Life on the hybrid schedule sucks.
I wrote this post twice, and when I reread each one, I realized all I was doing was venting and complaining and making myself angry all over again. So, I thought I’d just share a few tips to help if you find yourself in this situation.
Back in August, we checked the box for “In-Person” school. It was what was best for our family. It was what was best for our son. He is a student who typically needs a lot of adult support and accommodation. He was so lucky in elementary school to have wonderful teachers who nurtured and guided him, teachers who didn’t get upset when he didn’t catch on to things quickly.
When the landscape shifted and he wasn’t going to school in person, we quickly discovered that hybrid middle school life would be a far cry from what he experienced in elementary school. This provided us with a unique opportunity to be those adults to him. We would be his accommodations.
The problem is, we both work. While I understand the need to have fewer students at school, and I believe our school district is taking all measures to keep our children safe, this schedule is just the worst.
Now, if you have a middle schooler who turns in quality work with little to no involvement from you, please don’t take that for granted — applaud their effort! It’s taken us a while to get to a point where the evenings don’t end in tears (his or mine, it really doesn’t matter….someone is/was crying!)
Here are some tips to surviving a hybrid schedule:
Tip #1: Be schedule flexible. It has taken us months to actually decide what “routine” actually fits. When I get the inevitable text at 10:30 a.m. saying, “I’m done for the day.” I can relax because he and I both know we will work in the evening.
Tip #2: Remember you aren’t the one in school. This took my husband a bit to remember! The teacher isn’t grading how well I can do 6th grade Language Arts. This helped take the pressure off of us and put it back on our son. This also allowed us to continue teaching him about effort. While there isn’t anything necessarily wrong with a C…why would you knowingly get a C when you can do the assignment over and over again until it’s an A? Hard lesson for a 12-year-old who thinks just turning it in is great.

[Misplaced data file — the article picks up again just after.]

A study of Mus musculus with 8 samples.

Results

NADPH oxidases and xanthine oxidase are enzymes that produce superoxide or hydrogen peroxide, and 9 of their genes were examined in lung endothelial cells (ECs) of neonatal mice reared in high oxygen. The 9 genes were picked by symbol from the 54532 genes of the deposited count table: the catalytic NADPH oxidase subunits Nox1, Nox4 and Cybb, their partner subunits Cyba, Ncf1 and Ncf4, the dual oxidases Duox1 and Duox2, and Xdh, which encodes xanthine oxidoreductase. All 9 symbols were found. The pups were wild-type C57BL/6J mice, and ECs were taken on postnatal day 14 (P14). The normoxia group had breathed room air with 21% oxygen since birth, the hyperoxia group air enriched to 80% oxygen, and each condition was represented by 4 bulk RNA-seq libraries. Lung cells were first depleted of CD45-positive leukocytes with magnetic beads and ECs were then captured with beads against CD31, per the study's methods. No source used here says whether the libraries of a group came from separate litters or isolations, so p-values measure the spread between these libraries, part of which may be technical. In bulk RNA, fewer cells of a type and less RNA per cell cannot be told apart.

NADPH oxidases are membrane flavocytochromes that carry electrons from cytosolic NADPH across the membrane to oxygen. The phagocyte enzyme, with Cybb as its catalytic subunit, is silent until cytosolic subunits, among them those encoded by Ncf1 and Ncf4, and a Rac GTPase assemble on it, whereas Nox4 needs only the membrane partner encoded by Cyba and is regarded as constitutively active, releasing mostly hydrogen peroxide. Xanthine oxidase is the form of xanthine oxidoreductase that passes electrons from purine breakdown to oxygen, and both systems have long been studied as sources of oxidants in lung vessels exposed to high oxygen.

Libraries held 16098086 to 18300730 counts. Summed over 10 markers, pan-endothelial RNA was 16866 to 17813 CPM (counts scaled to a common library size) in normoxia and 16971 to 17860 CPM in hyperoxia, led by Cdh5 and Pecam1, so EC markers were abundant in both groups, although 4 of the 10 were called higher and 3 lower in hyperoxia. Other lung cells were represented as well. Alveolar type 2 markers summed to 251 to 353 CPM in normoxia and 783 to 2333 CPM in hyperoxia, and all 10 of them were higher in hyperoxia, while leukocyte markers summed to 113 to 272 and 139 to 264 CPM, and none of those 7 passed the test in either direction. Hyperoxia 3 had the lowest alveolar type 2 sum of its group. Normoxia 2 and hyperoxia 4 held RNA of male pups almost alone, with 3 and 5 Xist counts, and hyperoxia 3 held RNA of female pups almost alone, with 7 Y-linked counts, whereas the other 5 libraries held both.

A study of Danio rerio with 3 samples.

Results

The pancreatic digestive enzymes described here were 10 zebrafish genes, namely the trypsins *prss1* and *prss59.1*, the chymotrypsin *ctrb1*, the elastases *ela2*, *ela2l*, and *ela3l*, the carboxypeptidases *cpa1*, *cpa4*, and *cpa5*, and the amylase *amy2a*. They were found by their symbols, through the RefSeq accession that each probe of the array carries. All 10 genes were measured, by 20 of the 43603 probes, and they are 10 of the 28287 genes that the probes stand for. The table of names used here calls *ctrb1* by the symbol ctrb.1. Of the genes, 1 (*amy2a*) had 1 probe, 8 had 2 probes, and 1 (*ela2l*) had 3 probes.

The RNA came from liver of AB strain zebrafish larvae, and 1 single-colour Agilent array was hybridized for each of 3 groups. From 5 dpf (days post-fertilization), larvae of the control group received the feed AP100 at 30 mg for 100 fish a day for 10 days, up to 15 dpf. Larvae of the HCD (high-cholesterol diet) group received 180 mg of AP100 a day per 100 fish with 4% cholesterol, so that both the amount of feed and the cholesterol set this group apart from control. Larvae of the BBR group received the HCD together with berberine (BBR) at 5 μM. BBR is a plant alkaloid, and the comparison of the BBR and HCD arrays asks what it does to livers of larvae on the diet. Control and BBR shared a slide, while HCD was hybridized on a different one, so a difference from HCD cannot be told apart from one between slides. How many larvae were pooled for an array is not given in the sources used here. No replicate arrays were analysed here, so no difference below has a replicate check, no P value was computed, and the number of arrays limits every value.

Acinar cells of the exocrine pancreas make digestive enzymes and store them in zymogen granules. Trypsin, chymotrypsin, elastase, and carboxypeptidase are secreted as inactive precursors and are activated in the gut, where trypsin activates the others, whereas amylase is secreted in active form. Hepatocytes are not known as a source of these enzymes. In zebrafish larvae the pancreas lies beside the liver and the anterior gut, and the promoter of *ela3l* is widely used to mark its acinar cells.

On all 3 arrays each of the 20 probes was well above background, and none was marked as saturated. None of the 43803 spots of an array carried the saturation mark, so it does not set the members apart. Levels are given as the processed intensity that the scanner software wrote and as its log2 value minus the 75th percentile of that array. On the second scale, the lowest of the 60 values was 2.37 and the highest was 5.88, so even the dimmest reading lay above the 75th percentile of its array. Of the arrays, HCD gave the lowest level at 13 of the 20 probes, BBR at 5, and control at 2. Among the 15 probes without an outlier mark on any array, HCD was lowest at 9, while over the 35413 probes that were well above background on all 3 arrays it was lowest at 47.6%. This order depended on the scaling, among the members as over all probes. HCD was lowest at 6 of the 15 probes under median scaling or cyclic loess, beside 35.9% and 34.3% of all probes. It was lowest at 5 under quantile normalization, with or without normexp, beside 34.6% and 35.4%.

Tip #3: Have a “phone a friend” list. Next to his computer space, there is a list of people he can contact when he needs help. “Email teacher” is first on the list. But we have to remember that asking for help means you trust someone. Hybrid schedule hasn’t fully allowed for a trusting teaching/student relationship to form yet. So a lot of times our son does reach out to us for help, and right now, that’s ok.
Tip #4: Make time for friends. We noticed early on that the isolation was really getting to our son. He was not ok being at home alone so many days a week. We force him to play outdoors or play on his PlayStation so he can have friend interactions. When the neighbor kids come over to play, we never say no anymore. That human interaction is something we took for granted, and kids need it now more than ever!
Tip #5: Remember family fun. You are not your child’s teacher. (Can I get an AMEN!) I am mom. I don’t want this year to go down as the year I screamed at my 6th grader for nine months straight. So we’ve focused even harder on making sure we don’t just spend time doing school work, but that we also invest in enjoying each other’s company.
Moms, we can do this. No matter what your child’s school looks like this year, you’ve got this!! Know that your frustrations are felt by others, too! You are not alone. We will get through this.